Director, BioPharmaChem Ireland
The manufacturing sector plays a vital role in the Irish economy as a leading exporter and employer.
BioPharmaChem Ireland (BPCI) has just published its strategy for the sector (2023–2027). The sector is diverse and manufactures a range of materials from chemicals, medicinal products and biotech substances to products based on cell and gene therapies or advanced pharmaceutical products. BPCI prioritises themes that have a direct impact on the manufacturing sector.
The two most significant challenges facing Europe over the next decade are the transition towards a climate-neutral society and the retention of our industrial competitiveness. Pharma 5.0 can help drive this twin transition and involves the interpretation of Industry 4.0 technologies through a human-centric lens.
It broadens the focus from solely shareholder value to value for all stakeholders in society and greater resilience — particularly in supply chains and the manufacturing of strategically important goods. Recent disruptions have shown the importance of Europe being more self-reliant and flexible in manufacturing and supply to adapt to changing conditions.
Advanced therapeutic products, such as cell and gene therapies (CGT) represent a significant opportunity
for the Irish biopharma sector.
Active pharmaceutical ingredients (APIs)
Manufacturing APIs is critical for the future of pharmaceutical manufacturing in Europe. Ireland has a strong API sector; it is important that it stays competitive and continues to grow. The recent announcement by AstraZeneca to invest $360 million in a state-of-the-art digitised API facility in Dublin will help to hasten the future of the sector here.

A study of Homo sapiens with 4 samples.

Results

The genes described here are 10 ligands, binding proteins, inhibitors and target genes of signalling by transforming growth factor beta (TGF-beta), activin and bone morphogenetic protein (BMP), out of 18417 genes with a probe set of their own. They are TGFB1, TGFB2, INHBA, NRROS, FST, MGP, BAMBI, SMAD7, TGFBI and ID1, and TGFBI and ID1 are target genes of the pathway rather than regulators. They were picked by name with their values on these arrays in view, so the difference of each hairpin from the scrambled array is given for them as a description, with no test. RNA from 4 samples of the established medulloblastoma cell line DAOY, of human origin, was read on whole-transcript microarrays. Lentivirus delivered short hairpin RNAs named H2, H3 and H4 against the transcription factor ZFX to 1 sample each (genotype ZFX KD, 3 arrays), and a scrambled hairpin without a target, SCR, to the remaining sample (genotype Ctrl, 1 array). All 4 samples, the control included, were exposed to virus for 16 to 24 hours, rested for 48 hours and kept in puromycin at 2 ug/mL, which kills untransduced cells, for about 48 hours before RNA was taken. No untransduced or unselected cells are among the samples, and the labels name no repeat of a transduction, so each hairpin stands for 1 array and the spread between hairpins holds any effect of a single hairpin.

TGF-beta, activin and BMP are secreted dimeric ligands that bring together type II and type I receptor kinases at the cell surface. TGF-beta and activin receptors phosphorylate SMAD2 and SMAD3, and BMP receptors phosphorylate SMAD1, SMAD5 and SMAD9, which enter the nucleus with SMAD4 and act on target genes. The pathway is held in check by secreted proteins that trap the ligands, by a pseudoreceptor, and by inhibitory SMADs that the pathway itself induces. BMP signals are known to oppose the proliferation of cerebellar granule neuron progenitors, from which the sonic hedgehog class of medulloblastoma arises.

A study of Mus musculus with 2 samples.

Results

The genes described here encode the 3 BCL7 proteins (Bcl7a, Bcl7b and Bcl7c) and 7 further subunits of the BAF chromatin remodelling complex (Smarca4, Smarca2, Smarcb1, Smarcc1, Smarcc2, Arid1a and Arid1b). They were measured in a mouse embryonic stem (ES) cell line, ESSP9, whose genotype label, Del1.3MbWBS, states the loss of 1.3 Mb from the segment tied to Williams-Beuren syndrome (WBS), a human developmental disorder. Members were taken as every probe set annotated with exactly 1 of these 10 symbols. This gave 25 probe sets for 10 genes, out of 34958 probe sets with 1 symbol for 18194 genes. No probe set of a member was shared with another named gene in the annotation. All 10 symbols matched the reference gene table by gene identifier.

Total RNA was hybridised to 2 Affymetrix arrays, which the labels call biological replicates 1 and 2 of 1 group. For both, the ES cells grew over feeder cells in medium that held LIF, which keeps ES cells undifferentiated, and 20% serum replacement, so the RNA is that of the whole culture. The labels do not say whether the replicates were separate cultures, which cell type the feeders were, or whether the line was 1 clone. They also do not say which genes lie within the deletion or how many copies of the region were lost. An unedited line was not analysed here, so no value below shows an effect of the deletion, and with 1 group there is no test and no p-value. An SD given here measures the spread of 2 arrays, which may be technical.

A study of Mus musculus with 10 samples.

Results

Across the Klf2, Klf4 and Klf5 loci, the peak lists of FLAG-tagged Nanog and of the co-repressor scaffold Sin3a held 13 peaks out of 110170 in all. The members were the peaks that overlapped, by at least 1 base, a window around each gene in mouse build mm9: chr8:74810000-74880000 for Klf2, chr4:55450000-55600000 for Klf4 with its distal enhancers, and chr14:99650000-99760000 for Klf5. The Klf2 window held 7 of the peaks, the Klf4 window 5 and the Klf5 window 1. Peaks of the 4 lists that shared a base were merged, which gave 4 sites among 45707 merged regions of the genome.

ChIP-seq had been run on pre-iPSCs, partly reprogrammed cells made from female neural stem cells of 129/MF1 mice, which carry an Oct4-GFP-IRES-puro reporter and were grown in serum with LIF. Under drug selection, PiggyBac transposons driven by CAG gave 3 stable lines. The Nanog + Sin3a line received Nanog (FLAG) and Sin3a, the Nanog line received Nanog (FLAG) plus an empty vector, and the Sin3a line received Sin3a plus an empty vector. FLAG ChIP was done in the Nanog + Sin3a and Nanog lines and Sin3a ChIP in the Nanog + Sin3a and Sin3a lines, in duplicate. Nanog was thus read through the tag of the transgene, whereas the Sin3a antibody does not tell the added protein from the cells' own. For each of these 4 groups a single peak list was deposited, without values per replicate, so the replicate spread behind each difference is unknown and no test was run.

Irish API sites will continue to transform through upskilling staff, investing in new technology platforms and manufacturing processes to be flexible, agile and at the cutting edge of API production.
Advanced therapeutic products
Advanced therapeutic products, such as cell and gene therapies (CGT) represent a significant opportunity for the Irish biopharma sector. The recent opening of the cell therapy production unit by Takeda in Grange Castle represents another important milestone.
CGT will provide a good platform of indigenous Irish companies to become involved in the overall Life Sciences cluster — a cluster that tends to be dominated by multinational companies. Already, Maynooth-based company Avectas and Dublin-based APC/VLE are developing quickly in the field, bringing platform technologies and contract research into the space. The industry awaits the upcoming report from the Expert Group on Future Skills Needs which will provide an analysis of the skills landscape in the country and a set of recommendations on how the industry can ensure that its growth will be supported by the right kind of talent base. Our education and training base must be closely aligned with the needs of the industry.